I think most of us would agree the idea of building a nest – a place to retire to and shut out the outside world – has been pretty tempting this week. The difference is that Jade and Liam, the couple in Katy Warner’s off-beat love story nest, aren’t sheltering from a temporary weather crisis but from a society in a state of ever-worsening decline, where shopping trolleys being pushed from the roof of their tower block is a daily occurrence, and all the windows have been removed from their stairwell to discourage people from trying to live there.
Jade (Charlotte Jane Higgins) hasn’t left their messy, run-down flat in a long time; she’s comfortable where she is, and sees no reason to risk a trip into the dangerous city streets. We stay there with her, so our knowledge of what’s going on outside mostly comes from Liam (Arthur McBain), who still maintains some social and family relationships beyond their limited circle, and is trying desperately against all odds to find a job. Everything comes to a crisis point when Jade gets pregnant, and the two have to weigh their excitement about being a family against the prospect of bringing a baby into such a messed-up world.
Directed by Yasmeen Arden, the story’s not told in chronological order, so takes a little bit of piecing together – but in a way it doesn’t matter. Jade and Liam’s life together is claustrophobic and repetitive; they have the same conversations over and over, sometimes word for word, and if not for the baby you can’t help feeling that they’d just have stayed this way forever. Their devotion to each other is touching – in a world that’s falling apart, these two vulnerable souls have been left holding tightly to the one thing they know they can rely on – but theirs is also a very dysfunctional relationship, where control and jealousy are a common feature of every conversation.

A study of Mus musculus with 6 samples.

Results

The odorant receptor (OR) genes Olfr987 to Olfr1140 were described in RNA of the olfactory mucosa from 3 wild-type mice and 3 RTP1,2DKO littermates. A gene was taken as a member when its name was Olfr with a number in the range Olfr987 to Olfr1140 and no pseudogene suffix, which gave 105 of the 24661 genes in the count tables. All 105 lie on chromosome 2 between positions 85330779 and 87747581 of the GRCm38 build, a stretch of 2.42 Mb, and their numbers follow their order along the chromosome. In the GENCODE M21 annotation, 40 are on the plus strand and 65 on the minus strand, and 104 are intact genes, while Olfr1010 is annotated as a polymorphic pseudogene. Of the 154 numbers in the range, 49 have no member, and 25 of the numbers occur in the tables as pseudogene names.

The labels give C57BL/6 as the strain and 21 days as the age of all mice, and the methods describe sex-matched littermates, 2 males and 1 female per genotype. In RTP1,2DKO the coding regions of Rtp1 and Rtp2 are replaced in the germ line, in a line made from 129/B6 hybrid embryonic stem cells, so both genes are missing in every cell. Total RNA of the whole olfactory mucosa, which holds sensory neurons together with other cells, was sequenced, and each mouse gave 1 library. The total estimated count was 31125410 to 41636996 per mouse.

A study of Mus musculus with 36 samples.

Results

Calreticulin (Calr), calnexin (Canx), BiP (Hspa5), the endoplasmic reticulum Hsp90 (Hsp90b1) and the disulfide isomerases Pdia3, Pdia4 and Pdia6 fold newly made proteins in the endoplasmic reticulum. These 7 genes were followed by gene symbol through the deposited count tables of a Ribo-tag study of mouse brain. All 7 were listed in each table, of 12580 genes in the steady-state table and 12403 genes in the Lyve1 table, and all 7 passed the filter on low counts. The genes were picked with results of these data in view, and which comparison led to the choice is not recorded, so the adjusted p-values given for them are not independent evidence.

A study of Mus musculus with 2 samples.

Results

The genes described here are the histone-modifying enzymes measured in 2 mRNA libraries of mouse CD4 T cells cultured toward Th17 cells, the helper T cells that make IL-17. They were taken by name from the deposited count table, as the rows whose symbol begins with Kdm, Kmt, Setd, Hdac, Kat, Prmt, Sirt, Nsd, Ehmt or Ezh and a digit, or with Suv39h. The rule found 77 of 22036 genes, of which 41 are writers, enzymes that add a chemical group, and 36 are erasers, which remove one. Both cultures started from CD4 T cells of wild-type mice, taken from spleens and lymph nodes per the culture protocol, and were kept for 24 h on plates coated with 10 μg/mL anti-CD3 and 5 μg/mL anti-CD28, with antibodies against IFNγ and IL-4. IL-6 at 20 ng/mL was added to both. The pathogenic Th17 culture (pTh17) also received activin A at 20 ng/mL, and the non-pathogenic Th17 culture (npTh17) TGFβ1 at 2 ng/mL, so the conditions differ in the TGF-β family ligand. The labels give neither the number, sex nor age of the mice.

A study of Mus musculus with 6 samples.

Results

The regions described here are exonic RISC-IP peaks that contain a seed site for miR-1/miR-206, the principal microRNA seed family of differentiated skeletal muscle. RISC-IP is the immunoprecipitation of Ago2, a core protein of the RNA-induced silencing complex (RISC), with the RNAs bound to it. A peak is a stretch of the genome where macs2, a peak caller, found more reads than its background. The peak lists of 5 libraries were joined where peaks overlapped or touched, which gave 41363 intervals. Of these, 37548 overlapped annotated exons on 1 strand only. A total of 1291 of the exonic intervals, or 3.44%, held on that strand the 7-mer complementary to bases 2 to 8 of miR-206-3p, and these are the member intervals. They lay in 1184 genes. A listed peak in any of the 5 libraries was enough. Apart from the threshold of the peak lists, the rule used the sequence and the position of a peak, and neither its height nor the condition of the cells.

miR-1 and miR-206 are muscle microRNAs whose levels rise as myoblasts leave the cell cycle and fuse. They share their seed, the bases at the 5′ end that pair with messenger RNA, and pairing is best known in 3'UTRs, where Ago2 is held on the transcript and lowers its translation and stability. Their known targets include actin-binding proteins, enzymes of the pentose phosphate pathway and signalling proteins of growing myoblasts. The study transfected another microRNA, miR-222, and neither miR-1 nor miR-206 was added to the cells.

Arthur McBain’s Liam is the more obviously likeable of the two; wracked by guilt and frustration over what he sees as his own uselessness, he tries to keep Jade happy by bringing her thoughtful gifts and constantly backing down in arguments. But his kind nature leaves him open to manipulation – and not only by her; their first encounter only happens because his friend Pete played a practical joke on him. Meanwhile Jade, played by Charlotte Jane Higgins, is a tougher character to get along with, at least at first. She knows she can get her own way with Liam by sulking and threatening – but it’s only later we begin to understand the intense fear that motivates her behaviour: fear of what’s outside, of being alone, and of what the future holds.
The Vaults’ Cavern space works well as a venue, drawing our eye immediately to the shabby cosiness of Holly Pigott’s set. It’s a total mess, with discarded clothing, furniture and rubbish everywhere and a general sense of not having been cleaned in some time, and yet when compared with its damp, echoey surroundings it does feel like a haven of sorts.
The play, which marks Australian writer Katy Warner’s English debut, was inspired by a true story, and paints an uncomfortable picture of two people left behind by society and looking for a way out. We may not yet quite be at the point of raining shopping trolleys, but that doesn’t mean these characters don’t already exist – and maybe they’re closer than we think.